BWW Review: YIDDISH WITH DICK AND JANE at 2017 KC Fringe Festival

BWW Review: YIDDISH WITH DICK AND JANE at 2017 KC Fringe Festival

As part of the 2017 KC Fringe, "Yiddish With Dick And Jane" is worth seeing at the Arts Asylum close to downtown. Although just about anyone can enjoy this one, it says something about age when one realizes his own education falls after the McGuffey Reader period and smack in the middle of "Reading with Dick and Jane" years.

"Dick and Jane" was my first grade reader at Armstrong School in Chicago along with their dog "Spot" and their cat "Fluffy." "See Dick run. See sister Jane fall. Etc." The same books were used at Armstrong from the Scott Foresman Company for generations.

This one act play is funny for just that silly memory, but here is the rest of the setup. In the early 20th Century, millions of eastern European Jews immigrated to America's cities. Many of these people spoke Yiddish; kind of a combination of German and Hebrew.

Beginning in the 1920's and continuing through the 1960's the "Dick and Jane series" taught millions of children to read and many more millions of their parents to speak English. It worked with big typefaces and lots of pictures.

Imagine now if Dick and Jane are grown up Jewish people. They have retained their learned, broken Yiddish/English speaking patterns (think Spanglish for Jews). Some of the words remain part of their every day vocabulary. Jane is now married to Stanley. They share a very large African American child named Priscilla. Their little sister Sally is a professor at the University of California at Berkeley complete with sandals. Jane and Stanley share typical suburban problems - like gay neighbors and straying wives and aging parents.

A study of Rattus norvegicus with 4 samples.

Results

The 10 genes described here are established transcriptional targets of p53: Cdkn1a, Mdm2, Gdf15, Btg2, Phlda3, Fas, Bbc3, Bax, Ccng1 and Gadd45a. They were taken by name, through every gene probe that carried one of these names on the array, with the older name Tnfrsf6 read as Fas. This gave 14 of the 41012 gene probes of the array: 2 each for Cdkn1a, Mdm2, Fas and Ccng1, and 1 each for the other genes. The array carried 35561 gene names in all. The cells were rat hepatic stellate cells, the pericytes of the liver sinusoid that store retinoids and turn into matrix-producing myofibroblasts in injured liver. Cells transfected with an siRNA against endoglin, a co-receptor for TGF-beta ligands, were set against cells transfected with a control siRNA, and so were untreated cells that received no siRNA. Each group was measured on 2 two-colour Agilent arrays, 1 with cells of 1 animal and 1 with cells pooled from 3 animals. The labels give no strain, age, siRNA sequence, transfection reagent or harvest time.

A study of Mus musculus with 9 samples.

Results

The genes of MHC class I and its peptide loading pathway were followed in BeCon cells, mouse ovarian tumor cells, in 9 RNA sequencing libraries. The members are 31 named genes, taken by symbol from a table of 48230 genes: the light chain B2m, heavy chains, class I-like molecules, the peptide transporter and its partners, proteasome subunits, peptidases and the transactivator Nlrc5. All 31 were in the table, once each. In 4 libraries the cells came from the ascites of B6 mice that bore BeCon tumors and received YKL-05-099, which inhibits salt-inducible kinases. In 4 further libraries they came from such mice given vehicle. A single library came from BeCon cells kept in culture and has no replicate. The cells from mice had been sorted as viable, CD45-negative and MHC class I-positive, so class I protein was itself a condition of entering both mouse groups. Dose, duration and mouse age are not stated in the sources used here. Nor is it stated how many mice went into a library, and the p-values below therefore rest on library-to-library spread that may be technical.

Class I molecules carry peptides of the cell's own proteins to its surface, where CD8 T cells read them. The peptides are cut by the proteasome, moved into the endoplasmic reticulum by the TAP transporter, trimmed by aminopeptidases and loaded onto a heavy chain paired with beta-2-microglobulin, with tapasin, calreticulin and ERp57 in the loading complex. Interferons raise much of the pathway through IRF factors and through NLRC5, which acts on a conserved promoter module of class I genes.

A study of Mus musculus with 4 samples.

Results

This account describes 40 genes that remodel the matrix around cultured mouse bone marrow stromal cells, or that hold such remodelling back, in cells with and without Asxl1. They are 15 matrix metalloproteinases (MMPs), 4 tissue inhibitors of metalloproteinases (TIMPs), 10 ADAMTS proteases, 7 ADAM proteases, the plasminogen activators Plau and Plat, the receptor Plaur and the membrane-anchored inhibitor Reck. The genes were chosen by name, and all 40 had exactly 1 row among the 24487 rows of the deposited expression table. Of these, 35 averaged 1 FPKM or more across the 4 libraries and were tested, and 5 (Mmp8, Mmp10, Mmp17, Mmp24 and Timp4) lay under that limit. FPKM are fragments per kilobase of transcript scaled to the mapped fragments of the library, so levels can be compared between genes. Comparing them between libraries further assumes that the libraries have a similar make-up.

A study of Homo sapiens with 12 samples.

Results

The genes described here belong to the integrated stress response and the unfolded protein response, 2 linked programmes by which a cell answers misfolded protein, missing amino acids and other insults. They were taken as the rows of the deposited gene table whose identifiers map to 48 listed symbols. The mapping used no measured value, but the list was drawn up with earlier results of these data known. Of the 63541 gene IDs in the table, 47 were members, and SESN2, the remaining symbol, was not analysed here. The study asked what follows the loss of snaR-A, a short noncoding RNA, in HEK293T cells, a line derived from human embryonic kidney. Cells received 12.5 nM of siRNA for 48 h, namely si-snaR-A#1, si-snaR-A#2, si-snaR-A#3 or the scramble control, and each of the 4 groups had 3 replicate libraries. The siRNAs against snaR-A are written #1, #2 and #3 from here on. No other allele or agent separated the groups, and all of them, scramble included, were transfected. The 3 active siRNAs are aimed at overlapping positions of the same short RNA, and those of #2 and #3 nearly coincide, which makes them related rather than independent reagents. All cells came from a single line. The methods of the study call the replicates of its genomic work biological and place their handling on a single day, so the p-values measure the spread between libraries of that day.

An off to the side of the stage narrator reads from one of the Dick and Jane books and half explains the Yiddish words that creep into the dialogue.

To this fascinating and amusing ethnic stew, add the genius of casting all apparently non- Jewish actors in the semi-Yiddish speaking roles. The mangling of the Yiddish pronunciations multiplies the joke by a factor of at least three.

This short 45 minute piece is well directed by Mathew McGaugh. The cast does great stage pictures and has mastered comic quick change. They make the most of their limited props. We always know what they are doing through just a hint of suggestion. It is enough for this purpose. Both Korey Childs and Sara Crow are excellent as the narrators.

A special shout out goes to Sara Crow as sister Sally. She has pretty great guts to play the hospital patient with the open back hospital gown. More importantly and impressively, the audience saw a reaction to every line and the thought process of what was going through her facial expression throughout the entire show. I will look forward to seeing her again.

"Yiddish with Dick and Jane" can still be viewed Thursday and Friday evening during 2017 Fringe at The Arts Asylum.